Breast Feeding Problems

by , last modified on 11/11/18

Breast feeding should be a painless and wonderful experience with benefits for both mother and infant. And for that to happen, a good latch is necessary.

In order for a good latch to occur, essentially 2 factors should be present:

• Good seal between lips and breast
• Flexible mobile tongue to suck and swallow the milk expressed from the nipple (watch video below)

If any of these factors are absent, feeding difficulties will occur.

Good Seal

A good seal helps the baby draw the nipple deeply into the mouth and assists in the suck in order to swallow the milk produced by the breast. When a good seal is absent, excessive amount of air is introduced into the infant's mouth which is also swallowed along with the milk. Furthermore, lack of a good seal makes it more difficult for the infant to keep the nipple drawn deeply into the mouth.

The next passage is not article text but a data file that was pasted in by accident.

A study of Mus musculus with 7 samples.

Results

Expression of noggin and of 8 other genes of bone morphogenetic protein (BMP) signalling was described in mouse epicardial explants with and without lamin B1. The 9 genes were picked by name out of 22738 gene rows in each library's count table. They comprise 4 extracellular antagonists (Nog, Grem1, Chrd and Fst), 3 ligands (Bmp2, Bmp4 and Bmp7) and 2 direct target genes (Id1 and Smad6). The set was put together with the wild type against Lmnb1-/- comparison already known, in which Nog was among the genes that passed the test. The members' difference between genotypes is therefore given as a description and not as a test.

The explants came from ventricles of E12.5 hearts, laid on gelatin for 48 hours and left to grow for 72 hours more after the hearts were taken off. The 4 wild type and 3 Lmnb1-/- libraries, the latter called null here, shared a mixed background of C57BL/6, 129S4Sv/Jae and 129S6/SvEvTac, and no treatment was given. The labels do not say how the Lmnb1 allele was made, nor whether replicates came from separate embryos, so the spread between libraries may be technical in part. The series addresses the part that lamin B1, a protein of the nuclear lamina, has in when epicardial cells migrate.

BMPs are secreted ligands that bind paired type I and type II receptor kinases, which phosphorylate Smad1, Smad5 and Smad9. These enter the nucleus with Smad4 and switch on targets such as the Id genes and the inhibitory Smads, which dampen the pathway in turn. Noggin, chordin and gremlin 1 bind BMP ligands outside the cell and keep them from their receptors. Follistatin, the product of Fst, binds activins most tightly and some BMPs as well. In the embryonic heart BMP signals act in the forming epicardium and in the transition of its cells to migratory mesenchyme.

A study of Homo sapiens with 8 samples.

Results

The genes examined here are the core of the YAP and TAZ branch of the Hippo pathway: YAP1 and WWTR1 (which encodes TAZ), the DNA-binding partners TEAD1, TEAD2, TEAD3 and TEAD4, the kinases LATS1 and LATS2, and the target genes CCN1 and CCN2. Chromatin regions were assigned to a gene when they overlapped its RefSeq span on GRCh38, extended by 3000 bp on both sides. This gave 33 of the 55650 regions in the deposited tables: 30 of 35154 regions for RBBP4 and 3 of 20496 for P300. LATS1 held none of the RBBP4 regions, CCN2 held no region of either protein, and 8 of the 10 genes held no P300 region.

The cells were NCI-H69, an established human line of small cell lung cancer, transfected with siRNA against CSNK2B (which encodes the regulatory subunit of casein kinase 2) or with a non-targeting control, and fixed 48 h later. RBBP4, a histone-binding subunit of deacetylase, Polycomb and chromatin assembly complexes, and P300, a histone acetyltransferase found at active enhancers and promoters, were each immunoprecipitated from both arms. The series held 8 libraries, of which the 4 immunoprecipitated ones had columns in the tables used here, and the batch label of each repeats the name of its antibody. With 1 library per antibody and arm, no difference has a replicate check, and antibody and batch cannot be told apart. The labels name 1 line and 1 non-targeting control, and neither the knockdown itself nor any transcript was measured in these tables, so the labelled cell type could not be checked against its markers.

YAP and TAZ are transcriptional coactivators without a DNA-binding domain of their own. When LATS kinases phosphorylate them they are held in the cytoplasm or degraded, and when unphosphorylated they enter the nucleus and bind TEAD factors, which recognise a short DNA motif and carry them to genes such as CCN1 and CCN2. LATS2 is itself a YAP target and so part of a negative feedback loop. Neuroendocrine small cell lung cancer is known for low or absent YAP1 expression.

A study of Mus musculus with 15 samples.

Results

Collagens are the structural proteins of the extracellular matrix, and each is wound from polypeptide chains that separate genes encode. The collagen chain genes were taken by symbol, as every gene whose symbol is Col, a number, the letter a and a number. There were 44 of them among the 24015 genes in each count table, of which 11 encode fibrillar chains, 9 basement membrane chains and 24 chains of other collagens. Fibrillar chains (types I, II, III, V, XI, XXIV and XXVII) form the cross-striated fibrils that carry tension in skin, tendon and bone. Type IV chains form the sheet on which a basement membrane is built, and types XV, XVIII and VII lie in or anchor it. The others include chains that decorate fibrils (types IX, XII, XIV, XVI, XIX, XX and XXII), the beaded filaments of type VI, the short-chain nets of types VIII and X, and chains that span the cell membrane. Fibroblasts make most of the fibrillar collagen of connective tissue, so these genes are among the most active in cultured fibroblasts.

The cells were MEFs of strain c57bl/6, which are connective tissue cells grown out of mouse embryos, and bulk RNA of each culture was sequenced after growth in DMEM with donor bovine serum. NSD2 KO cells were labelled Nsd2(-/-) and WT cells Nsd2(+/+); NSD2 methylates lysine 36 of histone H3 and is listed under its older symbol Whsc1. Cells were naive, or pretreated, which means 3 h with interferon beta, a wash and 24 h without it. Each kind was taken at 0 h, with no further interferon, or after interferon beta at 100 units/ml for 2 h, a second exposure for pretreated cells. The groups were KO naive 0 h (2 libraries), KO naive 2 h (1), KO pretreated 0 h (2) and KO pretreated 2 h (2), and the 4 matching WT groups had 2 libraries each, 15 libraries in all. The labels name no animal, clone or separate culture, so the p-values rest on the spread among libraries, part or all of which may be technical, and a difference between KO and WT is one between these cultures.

A good seal may be absent most commonly due to an upper lip tie. An upper lip tie is when there is a flap of tissue that tethers the upper lip to the gumline preventing the upper lip from flaring properly to seal against the breast.

More rarely, a cleft lip or palate can cause a similar problem.

Flexible Mobile Tongue

Assuming a good seal, the nipple is drawn deeply into the infant's mouth and the tongue actively "massages" the nipple to express the milk which is than swallowed.

However, if a tongue tie is present, the tongue tip is tethered to the floor of the mouth making it more difficult for the infant to draw the nipple into the mouth. Also, the infant may tend to chew the nipple with the gums.

If your baby has a tongue tie, please contact our office for an appointment.